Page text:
Being a wiseguy was better than being President of the United States. To be a wiseguy was to own the world.”
– Henry Hill, as told to Nicholas Pileggi
Instead of covering something new or upcoming, I’m going to take you back to the bloody 80s and 90s when wiseguys ruled the bestseller list and the box-office. In particular, Henry Hill became a pop-culture legend when his story was made into a book and a film—both of which have aged well.
While I have seen the movie Goodfellas (1990, directed by Martin Scorsese) countless times, for whatever reason, I’d never picked up the book Wiseguy—until now. It’s a true-crime classic, so I was eager to see how it unfolded.
The book is authored by Nicholas Pileggi, who got his start as a hard-news reporter and knew a lot about the politics and crimes of the east coast Mafia. It is laid out much like the film, in a linear fashion and mostly from its subject’s point of view. The perfect melding of page to screen is to be expected, as Pileggi co-wrote the screenplay for Goodfellas (he received a nomination for the Academy Award for Best Adapted Screenplay). Both the book and the film use verbatim quotes from Hill, who dictated his story while an informant in the FBI’s Witness Protection Program.
The dedication and detail that went into writing Wiseguy is nothing short of amazing. Pileggi talked almost daily on the telephone with Hill for two years. He also interviewed his wily subject in secret in law offices, hotel rooms, restaurants, cars, and parks. After that, Hill was issued a new identity and virtually disappeared. But the world would soon know everything about him.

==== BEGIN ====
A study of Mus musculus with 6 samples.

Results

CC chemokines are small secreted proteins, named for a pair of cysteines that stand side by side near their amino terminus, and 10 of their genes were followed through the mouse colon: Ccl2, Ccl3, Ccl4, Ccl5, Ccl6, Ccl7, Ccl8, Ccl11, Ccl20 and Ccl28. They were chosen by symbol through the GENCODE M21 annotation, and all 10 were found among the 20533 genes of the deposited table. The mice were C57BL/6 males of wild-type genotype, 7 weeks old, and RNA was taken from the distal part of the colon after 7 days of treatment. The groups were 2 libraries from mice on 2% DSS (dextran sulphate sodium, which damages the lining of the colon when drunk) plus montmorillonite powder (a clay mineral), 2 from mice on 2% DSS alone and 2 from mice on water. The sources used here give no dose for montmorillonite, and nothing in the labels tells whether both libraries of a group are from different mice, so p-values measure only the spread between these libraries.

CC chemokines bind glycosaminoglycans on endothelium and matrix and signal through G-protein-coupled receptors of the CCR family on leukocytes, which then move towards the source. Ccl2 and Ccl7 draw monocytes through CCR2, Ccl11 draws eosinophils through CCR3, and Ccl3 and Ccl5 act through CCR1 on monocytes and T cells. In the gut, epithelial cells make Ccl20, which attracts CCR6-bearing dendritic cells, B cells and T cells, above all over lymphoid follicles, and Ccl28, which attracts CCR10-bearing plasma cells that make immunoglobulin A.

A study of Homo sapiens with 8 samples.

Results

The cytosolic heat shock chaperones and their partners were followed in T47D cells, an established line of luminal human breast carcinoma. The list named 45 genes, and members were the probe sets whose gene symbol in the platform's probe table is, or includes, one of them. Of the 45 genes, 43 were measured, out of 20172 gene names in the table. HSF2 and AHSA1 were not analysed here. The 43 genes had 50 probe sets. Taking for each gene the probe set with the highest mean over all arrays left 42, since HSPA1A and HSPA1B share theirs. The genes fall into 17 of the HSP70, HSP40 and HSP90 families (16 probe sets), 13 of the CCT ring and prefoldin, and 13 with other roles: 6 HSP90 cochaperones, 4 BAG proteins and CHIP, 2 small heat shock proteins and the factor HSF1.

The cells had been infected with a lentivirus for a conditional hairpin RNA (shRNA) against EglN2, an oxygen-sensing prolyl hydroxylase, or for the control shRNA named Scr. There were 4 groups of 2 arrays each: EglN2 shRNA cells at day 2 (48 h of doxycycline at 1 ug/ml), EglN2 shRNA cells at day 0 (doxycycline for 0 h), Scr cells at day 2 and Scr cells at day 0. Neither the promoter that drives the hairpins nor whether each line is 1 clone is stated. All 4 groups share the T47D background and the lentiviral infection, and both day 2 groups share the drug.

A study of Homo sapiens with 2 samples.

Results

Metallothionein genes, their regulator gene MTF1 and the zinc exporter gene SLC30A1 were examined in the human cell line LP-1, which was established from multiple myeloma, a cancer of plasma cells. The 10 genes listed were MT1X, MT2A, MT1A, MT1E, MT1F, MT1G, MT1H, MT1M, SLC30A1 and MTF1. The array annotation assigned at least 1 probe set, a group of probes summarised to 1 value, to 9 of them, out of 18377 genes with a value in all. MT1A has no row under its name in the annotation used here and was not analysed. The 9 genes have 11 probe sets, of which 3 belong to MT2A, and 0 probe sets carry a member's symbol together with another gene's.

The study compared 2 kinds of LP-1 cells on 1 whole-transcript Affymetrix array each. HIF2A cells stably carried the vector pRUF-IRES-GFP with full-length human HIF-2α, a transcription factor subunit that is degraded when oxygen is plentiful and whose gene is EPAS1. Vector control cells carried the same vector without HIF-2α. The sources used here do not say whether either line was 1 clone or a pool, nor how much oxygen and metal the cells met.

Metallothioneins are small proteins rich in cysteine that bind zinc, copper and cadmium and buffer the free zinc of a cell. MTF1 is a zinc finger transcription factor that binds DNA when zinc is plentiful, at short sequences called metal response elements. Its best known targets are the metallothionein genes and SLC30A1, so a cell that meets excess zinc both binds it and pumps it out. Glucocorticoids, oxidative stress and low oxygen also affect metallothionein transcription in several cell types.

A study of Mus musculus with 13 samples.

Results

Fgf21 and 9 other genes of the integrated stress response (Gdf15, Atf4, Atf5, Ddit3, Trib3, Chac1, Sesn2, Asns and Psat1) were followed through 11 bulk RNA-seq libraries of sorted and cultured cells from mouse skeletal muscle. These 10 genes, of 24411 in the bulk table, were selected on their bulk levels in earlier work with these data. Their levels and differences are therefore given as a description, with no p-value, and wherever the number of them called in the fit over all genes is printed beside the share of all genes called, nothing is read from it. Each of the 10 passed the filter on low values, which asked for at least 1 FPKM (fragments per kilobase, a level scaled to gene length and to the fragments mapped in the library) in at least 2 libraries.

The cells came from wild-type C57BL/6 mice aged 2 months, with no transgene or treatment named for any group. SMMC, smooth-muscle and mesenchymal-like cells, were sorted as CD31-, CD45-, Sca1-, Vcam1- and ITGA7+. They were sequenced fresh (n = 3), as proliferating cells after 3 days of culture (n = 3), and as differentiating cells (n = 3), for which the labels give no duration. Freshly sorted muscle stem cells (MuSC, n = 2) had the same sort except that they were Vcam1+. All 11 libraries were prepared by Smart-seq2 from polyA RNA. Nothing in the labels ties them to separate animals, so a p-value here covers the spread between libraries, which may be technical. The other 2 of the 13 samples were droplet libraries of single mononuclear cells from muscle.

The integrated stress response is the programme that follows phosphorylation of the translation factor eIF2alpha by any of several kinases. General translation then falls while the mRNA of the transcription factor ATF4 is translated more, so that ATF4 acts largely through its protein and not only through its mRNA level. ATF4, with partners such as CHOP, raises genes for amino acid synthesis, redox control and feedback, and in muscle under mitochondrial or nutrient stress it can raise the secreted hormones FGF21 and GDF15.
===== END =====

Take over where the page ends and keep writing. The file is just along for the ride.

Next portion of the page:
Wiseguy is an immersive look at “middle management” from inside an organized crime ring. Half-Irish, half-Sicilian Henry grew up in poverty across the street from a Mafia-front cab stand, and he was both enthralled by and envious of the lifestyles of the gangsters. The men took the enterprising young local under their wings, and by the tender age of 12, he was working for them almost full-time. A quick study, Hill made his way up in the ranks—but he could never be “made” due to his heritage—pausing only to join the military after high school. All he knew was thwarting authority, running scams, and thievery, so Hill’s dishonest ways kicked him back on the mean streets in no time. He then became a key player in a fringe family who, in his words, “walked in a room and the place stopped. Everyone knew who we were, and we were treated like movie stars with muscle.”
Hill planned and executed his criminal activities with genuine passion; juxtaposed with the nonchalance he describes the many, many double-crosses, beatings, and murders, it is striking. Hill demonstrates a genuinely fantastic memory for details and admirable powers of observation, but at the same time, blind spots in his own life and a sociopathic disregard for moral reflection. He never tried to paint himself as a hero or a victim, which I found refreshing while reading. Hill took full credit for both his ingenuity and his mistakes, and his sardonic sense of humor comes across as well. Eventually, he was brought down after what was then the biggest airport heist in history, proving that greed isn’t always good.
Wiseguy is laid out mostly in full, unbreaking quotes from Henry, with a few asides from his wife Karen, and only a little of Pileggi’s actual prose and observations. Sometimes the sections went on too long for me, and, since I picked up a vintage paperback copy, the paragraph blocks seemed endless. (Shorter paragraphs are a relatively recent trend in publishing and layouts.)
If I had to compare the two presentations of this story, I’d say Wiseguy is detailed and accurate, but Goodfellas is more enjoyable and exciting. The visuals add so much to the story, and Scorsese captured them beautifully—thanks to the blueprint by Pileggi.